Kansas Court Of Appeals Does About-Face Allowing Workers’ Compensation Subrogation Against UM/UIM Policies

Kansas Workers' CompensationTurner v. Pleasant Acres LLC, 2022 WL 815834 (Kan. App. 2022).

On the same day as the Alabama Court of Appeals issued its ruling in O’Brien v. Mobile Public Library, attempting to curtail the rights of a workers’ compensation carrier against UM/UIM benefits, the Kansas Court of Appeals was doing exactly the opposite.

For years, Kansas has not allowed a workers’ compensation carrier to subrogate or recover its lien from benefits paid by an uninsured or underinsured motorists’ (UM/UIM) carrier.[1] However, that position has been questioned and some argue it had been overruled based on recent case decisions.

In a 2001 case of first impression, an UIM’s carrier’s “substitute payment” to an injured worker as a substitute for liability coverage limits was a “recovery” under the statute entitling the workers’ compensation carrier to a lien against the amount of this recovery.[2] The ruling in Loucks, therefore, was that a workers’ compensation subrogation lien does attach to such a “substitute payment” made by the UM’s carrier in order to preserve the UIM’s carrier’s subrogation rights in response to settlement of the tort claim. The logic here was that a substitute payment was not a payment of UIM benefits but was a consequence of the remedy pursued by the injured worker against those having legal liability to the worker.[3] But it was a step in the right direction.

On March 18, 2022, the Court of Appeals decided a case which determined the subrogation rights of the Kansas Workers’ Compensation Fund from the employer’s UM carrier.[4] The Kansas Workers’ Compensation Fund (“Fund”) was created by the Kansas legislature in 1974 in order to (1) encourage employers to hire handicapped employees, and (2) provide benefits to employees where the employer fails to provide benefits or is either insolvent or unable to pay such benefits.[5] When an employer has no workers’ compensation insurance, the Fund pays the benefits to the employee. The Fund must also reimburse employers/carriers if an award is later overturned or reduced.[6] When the Fund pays benefits, it must be impleaded into a third-party action and written notice must be given to the Commissioner of Insurance.[7] Section 44-504(a) provides the Fund with a right of subrogation against responsible third-party tortfeasors, and also gives it a cause of action against an uninsured or insolvent employer for recovery of any benefits paid to the employee of an uninsured or insolvent employer.[8]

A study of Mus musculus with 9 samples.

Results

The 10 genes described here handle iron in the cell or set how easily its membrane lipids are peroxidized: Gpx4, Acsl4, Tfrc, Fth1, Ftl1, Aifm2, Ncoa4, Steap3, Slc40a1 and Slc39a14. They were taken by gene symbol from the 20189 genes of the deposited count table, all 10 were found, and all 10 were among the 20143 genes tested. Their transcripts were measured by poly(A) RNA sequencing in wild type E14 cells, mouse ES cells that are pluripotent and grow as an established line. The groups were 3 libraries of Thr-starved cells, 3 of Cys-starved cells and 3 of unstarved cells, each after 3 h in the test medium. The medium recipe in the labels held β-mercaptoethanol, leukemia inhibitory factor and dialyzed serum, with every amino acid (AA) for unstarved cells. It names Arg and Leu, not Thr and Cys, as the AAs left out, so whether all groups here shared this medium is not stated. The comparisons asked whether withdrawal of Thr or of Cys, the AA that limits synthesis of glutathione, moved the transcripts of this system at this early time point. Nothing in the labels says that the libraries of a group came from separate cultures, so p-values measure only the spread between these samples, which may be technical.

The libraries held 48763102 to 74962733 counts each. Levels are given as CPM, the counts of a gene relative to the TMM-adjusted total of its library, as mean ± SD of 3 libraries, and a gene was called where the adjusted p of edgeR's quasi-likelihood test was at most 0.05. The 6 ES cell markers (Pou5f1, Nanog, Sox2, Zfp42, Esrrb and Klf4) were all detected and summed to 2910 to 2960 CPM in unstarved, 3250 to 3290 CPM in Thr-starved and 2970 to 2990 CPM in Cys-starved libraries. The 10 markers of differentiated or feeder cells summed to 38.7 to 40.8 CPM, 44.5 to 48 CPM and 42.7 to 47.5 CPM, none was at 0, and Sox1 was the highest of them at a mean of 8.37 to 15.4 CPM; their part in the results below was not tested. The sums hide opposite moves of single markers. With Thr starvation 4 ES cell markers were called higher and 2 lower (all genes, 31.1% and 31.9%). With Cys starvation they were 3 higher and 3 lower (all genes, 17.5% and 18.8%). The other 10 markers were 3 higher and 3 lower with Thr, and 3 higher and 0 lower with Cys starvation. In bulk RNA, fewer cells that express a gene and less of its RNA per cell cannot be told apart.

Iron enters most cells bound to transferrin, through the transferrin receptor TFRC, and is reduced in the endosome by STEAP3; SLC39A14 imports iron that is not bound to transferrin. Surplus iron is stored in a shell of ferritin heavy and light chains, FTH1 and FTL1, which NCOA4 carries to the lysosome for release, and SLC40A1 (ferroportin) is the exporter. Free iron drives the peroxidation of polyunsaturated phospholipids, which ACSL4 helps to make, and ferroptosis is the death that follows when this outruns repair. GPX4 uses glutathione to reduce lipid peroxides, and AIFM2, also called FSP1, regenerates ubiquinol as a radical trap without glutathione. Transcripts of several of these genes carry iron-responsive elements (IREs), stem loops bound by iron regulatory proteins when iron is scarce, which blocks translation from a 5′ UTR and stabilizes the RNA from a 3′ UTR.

In Turner v. Pleasant Acres, LLC, the court held that the Fund did have a right of subrogation against benefits paid by the employer’s UM carrier. Kansas law treats both UM and UIM claims as hybrids—a “combination of contract and tort.”[9] The court held that the plain and unambiguous language of § 44-504 did not limit an employer’s or carrier’s subrogation rights in a worker’s compensation action to recoveries obtained in a particular type of action. In determining that the Fund had a subrogation lien against benefits paid by the employer’s UM carrier, the court appears to have reopened the door to subrogating against UM and UIM benefits. The court held that the Fund’s subrogation lien was “against the entire amount of such recovery, excluding any recovery, or portion thereof, determined … to be loss of consortium or loss of services to a spouse.”

This ruling seemingly opens the door for an identical argument on behalf of a subrogated employer or private workers’ compensation carrier. The language used in Turner seemingly states that the language of the Kansas workers’ compensation subrogation statute doesn’t limit an employer or subrogated workers’ compensation carrier to a tort claim. The argument would be that if the Fund is subrogated to benefits paid to the employee under a UM or UIM claim, so would the employer or a subrogated workers’ compensation carrier.

For questions regarding workers’ compensation subrogation in any state, please contact Lee Wickert at leewickert@mwl-law.com.

[1] Kilner v. State Farm Mut. Auto Ins. Co., 847 P.2d 1292 (Kan. 1993); Fisher v. State Farm Mut. Auto Ins. Co., 955 P.2d 622 (Kan. 1998); Knight v. Insurance Co. of North America, 647 F.2d 127 (10th Cir. 1981).

[2] Loucks v. Gallagher Woodsmall, Inc., 35 P.3d 782 (Kan. 2001).

[3] Id.

[4] Turner v. Pleasant Acres LLC, 2022 WL 815834 (Kan. App. 2022).

[5] K.S.A. § 44-532a.

[6] K.S.A. § 44-556(d)(e).

[7] K.S.A. § 44-566a(c)(1); Turner v. Pleasant Acres LLC, 2022 WL 815834 (Kan. App. 2022).

[8] K.S.A. § 44-532a(b).

[9] Stemple v. Maryland Casualty Company, 144 P.3d 1273 (Kan. 2006).

SHARE THIS:
Lee R. Wickert
Associate Attorney

Lee R. Wickert is an insurance litigation associate in the Austin, Texas branch of Matthiesen, Wickert & Lehrer, S.C. Lee’s practice areas include insurance litigation, subrogation, workers’ compensation, health insurance and ERISA, automobile insurance, property and casualty, and insurance coverage. Lee is licensed to practice in Texas and Wisconsin.